Out of Tune: Napster Receives First RIAA List of Songs to Block



In a newsletter sent Sunday to its users, Napster said, "We've already received some removal notices, and we expect the record and music publishing companies to send many more."


The Recording Industry Association of America, the umbrella organization for the country's major record companies, sued Napster for mass copyright infringement in December 1999. The organization sent Napster the first wave of song lists late Friday following a revised injunction issued March 5 by Judge Marilyn Hall Patel.


The Ninth U.S. Circuit Court of Appeals sided Feb. 12 with the recording industry in its copyright battle with Napster. A three-judge panel unanimously upheld the RIAA's arguments by confirming that a preliminary injunction against Napster's free digital music file sharing service is "not only warranted but required."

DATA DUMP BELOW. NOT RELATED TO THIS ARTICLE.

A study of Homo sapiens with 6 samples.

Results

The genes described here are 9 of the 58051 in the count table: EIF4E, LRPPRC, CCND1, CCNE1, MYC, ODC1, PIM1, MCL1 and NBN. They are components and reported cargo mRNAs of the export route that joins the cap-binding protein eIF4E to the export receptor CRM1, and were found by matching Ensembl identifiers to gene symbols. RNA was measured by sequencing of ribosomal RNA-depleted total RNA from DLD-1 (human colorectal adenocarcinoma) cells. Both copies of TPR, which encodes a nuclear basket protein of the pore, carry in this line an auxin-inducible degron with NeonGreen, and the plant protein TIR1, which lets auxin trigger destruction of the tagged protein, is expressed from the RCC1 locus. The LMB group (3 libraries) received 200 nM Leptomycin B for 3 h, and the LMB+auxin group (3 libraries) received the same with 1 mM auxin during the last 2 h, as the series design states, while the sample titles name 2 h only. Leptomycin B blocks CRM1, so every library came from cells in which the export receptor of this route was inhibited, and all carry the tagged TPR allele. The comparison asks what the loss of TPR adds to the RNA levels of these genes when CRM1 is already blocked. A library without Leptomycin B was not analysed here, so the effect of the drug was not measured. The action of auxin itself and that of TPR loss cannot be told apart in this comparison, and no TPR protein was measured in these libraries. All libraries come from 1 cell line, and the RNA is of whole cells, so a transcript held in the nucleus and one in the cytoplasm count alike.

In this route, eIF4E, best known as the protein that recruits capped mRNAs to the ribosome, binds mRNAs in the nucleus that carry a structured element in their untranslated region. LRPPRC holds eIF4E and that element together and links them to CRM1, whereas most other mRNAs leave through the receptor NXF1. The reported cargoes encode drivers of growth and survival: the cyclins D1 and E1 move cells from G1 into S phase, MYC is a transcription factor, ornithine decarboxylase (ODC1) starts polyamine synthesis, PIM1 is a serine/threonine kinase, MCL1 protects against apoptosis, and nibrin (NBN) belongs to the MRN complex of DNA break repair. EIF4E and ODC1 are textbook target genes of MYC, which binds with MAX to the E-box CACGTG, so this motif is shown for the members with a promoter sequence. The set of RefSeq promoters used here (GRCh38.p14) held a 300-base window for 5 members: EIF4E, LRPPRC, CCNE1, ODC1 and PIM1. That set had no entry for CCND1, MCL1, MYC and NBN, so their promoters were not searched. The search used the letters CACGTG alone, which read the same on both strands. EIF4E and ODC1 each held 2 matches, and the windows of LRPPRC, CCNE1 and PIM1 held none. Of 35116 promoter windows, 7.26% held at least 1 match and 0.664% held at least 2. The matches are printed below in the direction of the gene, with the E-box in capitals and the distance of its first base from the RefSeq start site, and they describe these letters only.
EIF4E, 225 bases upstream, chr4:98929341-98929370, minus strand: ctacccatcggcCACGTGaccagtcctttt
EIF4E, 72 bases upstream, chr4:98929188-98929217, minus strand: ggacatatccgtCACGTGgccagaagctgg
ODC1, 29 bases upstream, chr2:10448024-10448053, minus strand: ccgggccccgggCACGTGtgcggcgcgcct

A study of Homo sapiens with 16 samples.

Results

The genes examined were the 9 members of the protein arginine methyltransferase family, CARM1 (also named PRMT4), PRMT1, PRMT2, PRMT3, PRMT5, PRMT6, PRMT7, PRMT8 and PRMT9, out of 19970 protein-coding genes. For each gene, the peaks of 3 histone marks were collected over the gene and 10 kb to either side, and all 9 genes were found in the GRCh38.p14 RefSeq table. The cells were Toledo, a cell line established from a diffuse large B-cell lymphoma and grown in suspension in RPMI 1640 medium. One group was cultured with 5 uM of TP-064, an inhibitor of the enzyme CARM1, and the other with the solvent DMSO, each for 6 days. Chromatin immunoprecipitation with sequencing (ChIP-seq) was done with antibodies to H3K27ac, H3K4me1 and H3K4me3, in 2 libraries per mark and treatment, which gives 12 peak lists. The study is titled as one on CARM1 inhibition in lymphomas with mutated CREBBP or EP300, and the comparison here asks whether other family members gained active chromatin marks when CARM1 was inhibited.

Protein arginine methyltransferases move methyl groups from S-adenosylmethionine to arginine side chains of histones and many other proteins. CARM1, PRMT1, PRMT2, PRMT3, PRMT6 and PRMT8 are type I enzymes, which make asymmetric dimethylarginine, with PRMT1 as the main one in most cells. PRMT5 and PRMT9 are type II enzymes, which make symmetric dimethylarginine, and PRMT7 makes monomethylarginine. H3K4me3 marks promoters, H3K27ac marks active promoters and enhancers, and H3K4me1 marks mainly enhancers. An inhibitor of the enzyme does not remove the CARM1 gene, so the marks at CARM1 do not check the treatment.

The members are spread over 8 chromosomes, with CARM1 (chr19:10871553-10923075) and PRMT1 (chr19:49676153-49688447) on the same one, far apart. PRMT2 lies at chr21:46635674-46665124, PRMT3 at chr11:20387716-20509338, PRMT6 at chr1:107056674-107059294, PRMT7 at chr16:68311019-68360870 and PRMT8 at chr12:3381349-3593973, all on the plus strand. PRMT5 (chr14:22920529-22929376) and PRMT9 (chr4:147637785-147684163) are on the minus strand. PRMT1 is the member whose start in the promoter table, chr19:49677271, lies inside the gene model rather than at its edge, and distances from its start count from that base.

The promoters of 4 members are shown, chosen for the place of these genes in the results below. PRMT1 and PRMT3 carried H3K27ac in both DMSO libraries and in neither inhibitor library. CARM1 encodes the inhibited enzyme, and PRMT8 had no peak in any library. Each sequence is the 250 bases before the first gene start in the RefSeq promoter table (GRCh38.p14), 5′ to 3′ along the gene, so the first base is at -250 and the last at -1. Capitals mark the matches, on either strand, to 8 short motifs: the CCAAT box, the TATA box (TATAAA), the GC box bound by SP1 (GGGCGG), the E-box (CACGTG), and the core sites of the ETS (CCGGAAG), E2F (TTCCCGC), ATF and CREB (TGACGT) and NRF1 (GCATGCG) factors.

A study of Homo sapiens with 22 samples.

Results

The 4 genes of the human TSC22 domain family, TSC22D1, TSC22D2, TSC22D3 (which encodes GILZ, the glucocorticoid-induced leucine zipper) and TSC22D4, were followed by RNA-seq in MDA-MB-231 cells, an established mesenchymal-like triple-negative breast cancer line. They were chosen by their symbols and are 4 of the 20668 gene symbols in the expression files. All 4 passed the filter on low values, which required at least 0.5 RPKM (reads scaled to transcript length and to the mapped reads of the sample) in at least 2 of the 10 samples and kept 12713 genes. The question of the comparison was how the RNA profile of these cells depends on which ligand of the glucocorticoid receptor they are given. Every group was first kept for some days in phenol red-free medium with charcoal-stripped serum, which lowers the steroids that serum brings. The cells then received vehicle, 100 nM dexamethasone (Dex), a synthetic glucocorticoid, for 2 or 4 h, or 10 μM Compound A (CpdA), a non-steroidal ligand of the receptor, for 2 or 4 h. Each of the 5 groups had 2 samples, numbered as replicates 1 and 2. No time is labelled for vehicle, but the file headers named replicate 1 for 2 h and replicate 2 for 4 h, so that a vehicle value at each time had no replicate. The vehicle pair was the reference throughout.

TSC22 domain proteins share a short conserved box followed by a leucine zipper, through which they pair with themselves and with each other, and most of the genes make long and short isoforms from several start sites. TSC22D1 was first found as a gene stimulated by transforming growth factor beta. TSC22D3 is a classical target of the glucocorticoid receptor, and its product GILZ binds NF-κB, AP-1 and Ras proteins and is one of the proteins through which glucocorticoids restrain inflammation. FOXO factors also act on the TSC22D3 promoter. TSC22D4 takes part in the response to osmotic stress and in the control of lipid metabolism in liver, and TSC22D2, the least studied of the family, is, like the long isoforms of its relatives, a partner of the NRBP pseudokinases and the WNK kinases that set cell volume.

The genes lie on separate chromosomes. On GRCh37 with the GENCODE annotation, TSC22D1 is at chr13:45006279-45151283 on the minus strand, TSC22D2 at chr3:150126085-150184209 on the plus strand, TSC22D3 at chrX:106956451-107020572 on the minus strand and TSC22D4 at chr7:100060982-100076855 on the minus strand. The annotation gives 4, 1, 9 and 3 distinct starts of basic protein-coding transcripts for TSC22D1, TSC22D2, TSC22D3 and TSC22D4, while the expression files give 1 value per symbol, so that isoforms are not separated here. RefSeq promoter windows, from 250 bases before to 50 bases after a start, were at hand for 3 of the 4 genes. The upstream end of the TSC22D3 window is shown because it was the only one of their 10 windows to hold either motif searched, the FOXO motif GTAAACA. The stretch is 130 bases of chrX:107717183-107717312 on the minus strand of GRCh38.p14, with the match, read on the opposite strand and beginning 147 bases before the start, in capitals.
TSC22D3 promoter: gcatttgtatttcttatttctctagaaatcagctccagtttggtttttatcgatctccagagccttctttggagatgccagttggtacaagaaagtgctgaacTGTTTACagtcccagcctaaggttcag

Napster has three business days to block access to the files in order to comply with the revised injunction.


The RIAA has fulfilled its responsibility under the injunction by providing Napster with the names of copyrighted songs.


The company has experimented with blocking files over the past week but reportedly has had trouble blocking ones with misspellings in the title or artist name.


In a move to thwart the blocking system, Canadian tech firm PulseNewMedia has developed software that uses pig Latin to alter the names of MP3 files. With the software, MP3 files containing music from heavy metal band Metallica, a vocal Napster opponent, would be known as "Etallicamay."


The company reports that its software has been downloaded 20,000 times.


The Digital Millennium Copyright Act criminalizes reverse encryption schemes, so Napster would need to remove pig Latin titles one by one in order to stay within the law.


Napster and the Digital Millennium Copyright Act are expected to take on great importance April 3 when the Senate Judiciary Committee holds a hearing on the future of digital media.